Topomax & Lessened Alcohol Cravings
[Home] [Bipolar News] [Bipolar Disorder] [Medications] [Treatments] [Bipolar Disorder/Job/School] [Disabilities] [Ask the Doctor] [Ask David] [Self-Injury] [Personal Stories] [Graham's Column] [Steven's Column] [Storm's Column] [Columnist Archives] [Suicide] [Community Support] [Family Members] [Expressions] [Greeting Cards] [Books] [Awards] [Links & Rings] [About Us] [Contact Us]

 


Q:  I understand that Topamax can be used to lessen the craving for alcohol.  Is this true? 


Dear Ms. W' -- 
I've heard this is true.  Let's look at the published research on this: 
PUB MED, enter "topiramate alcohol", and we get, well, a bunch of stuff, including one study that was designed to answer this very question, with a large sample size (that helps insure the study won't miss an effect that's really there) and of course, gotta have this to answer your question, a placebo group.Johnson  

The main result: 

FINDINGS: At study end, participants on topiramate, compared with those on placebo, had 2.88 (95% CI -4.50 to -1.27) fewer drinks per day (p=0.0006), 3.10 (-4.88 to -1.31) fewer drinks per drinking day (p=0.0009), 27.6% fewer heavy drinking days (p=0.0003), 26.2% more days abstinent (p=0.0003), and a log plasma gamma-glutamyl transferase ratio of 0.07 (-0.11 to -0.02) less (p=0.0046).

What does that mean?  It means, as you can probably tell digging around in that sentence, that the people who got the real topiramate, compared to those who got a placebo and thought they might be getting topiramate:  drank less often and drank less when they did drink.  The thing about "plasma gamma-glutamyl transferase" means that their liver (enzymes) agreed with their personal report of their drinking.  

Now, just to be cautious, this study was probably funded by the manufacturer of Topomax.  So, there are subtle ways that can affect the results, but based on the abstract (click Johnson, above), I don't see too much evidence of the kind of skew one can see sometimes when it's a company making hay out of a weak study.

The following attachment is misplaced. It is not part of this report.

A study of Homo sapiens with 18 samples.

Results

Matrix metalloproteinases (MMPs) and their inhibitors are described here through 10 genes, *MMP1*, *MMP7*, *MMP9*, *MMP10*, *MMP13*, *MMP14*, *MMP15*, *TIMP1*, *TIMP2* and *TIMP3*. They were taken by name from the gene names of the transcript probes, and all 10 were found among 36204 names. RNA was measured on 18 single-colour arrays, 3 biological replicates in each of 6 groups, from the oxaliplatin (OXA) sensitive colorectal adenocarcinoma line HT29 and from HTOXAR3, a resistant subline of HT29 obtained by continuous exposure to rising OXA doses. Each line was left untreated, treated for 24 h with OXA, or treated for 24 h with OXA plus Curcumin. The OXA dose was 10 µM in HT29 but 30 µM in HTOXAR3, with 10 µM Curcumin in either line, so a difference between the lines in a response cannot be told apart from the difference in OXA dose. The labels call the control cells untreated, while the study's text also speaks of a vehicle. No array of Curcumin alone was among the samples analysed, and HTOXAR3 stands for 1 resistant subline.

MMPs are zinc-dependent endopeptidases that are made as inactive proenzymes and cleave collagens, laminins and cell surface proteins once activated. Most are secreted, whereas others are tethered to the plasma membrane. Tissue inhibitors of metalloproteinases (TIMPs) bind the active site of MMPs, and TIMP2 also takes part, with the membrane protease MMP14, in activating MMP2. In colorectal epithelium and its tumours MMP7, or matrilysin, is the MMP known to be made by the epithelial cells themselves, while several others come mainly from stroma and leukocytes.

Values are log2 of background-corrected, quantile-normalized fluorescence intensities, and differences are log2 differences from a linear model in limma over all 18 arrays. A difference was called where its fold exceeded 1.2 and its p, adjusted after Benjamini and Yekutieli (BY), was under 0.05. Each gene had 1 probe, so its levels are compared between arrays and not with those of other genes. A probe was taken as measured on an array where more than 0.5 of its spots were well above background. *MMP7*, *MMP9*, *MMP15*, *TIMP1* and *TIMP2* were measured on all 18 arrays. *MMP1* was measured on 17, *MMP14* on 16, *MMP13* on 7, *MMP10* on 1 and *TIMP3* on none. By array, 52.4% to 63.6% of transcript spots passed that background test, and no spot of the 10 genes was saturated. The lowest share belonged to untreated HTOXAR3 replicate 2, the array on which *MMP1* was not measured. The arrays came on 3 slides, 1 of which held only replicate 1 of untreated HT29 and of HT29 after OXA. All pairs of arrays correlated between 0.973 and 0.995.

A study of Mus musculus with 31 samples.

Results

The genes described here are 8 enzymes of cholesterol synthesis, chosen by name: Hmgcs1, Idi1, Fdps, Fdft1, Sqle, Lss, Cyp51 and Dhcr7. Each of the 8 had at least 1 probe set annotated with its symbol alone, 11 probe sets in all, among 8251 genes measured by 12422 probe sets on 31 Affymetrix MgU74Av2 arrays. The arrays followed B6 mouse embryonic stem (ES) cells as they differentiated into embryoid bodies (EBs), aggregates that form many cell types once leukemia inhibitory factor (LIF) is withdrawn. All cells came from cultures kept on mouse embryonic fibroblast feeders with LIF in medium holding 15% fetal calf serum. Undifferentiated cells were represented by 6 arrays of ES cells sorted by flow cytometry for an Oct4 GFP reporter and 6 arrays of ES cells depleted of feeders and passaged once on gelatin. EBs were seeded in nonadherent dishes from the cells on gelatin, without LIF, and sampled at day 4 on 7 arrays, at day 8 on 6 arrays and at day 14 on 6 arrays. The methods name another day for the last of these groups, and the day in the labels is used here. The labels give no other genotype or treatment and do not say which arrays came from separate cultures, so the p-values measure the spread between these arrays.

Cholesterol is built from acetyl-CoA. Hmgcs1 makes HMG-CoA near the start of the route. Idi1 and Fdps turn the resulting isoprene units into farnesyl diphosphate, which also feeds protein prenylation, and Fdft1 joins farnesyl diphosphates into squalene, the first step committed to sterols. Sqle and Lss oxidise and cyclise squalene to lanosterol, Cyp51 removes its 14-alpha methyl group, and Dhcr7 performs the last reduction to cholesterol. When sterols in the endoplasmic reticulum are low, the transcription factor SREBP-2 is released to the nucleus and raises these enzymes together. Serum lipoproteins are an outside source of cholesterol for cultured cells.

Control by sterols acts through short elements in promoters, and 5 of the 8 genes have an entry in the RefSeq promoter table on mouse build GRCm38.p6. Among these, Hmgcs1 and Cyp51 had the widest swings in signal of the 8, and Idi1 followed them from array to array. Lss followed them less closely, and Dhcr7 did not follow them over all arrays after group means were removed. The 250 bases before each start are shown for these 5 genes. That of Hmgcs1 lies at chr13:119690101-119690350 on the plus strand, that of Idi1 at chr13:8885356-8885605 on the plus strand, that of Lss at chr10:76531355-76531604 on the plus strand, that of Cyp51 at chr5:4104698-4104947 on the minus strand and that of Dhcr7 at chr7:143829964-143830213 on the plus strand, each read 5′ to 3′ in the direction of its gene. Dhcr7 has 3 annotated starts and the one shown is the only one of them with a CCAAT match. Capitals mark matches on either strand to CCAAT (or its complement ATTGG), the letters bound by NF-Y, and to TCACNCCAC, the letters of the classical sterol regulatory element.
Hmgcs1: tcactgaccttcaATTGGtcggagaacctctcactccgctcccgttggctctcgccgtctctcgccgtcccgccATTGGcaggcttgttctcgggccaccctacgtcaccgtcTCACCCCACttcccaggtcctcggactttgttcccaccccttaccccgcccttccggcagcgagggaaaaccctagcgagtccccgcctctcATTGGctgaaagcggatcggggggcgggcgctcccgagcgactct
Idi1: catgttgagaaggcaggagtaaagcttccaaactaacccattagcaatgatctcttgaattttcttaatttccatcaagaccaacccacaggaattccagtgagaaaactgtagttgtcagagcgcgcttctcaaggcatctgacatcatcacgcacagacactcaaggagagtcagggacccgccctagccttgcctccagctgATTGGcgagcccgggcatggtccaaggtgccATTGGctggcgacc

So, that's the long way to answer your question -- hopefully showing you and others that, while I'm happy to learn along with you, you can also ask these kinds of questions and use your own literature search on PUB MED to get some idea of whether it's been examined by a research study, and perhaps even try to interpret the data as reported above.  Thanks for asking. 

Dr. Phelps
 

Published April, 2004
 

 

Bipolar World   1998, 1999, 2000, 2001, 2002, 2003, 2004, 2005, 2006, 2007, 2008, 2009, 2010, 2011, 2012, 2013, 2014
Owners: 
Allie Bloom, David Schafer, M.Ed. (Blackdog)
Partners:  John Haeckel, Judith (Duff) 
Founder:  Colleen Sullivan
 

Email Us at Bipolar World

 

About Us  Add a Link  Advance Directives  Alternative Treatments  Ask the Doctor   Ask Dr. Plyler about Bipolar Disorder   Ask The Doctor/ Topic Archives  Awards  Benny the Bipolar Puppy  Bipolar Chat  Bipolar Children  Bipolar Disorder News  Bipolar Help Contract  Bipolar World Forums  Book Reviews  Bookstore  BP & Other mental Illness   Clinical Research Trials & FDA Drug Approval   Community Support   Contact Us  The Continuum of Mania and Depression   Coping   Criteria    Criteria and Diagnosis  Criteria-World Health Disabilities,  DSMV-IV   Dual Diagnosis  eGroups  Expressions (Poetry, Inspiration, Humor, Art Gallery, Memorials  Family Members   Getting Help for a Loved One who Refuses Treatment  Greeting Cards  History of Mental Illness  Indigo  Job and School  Links  Manage Your Medications  Medications   Medication and Weight Gain    News of the Day  Parent Chat  Pay for Meds  Personal Stories  Self Help  Self Injury  Significant Others  Stigma and Mental Health Law  Storm's Column  Suicide!!!  The Suicide Wall  Table of Contents   Treatments  Treatment Compliance  US Disability  Veteran's Chat  What's New?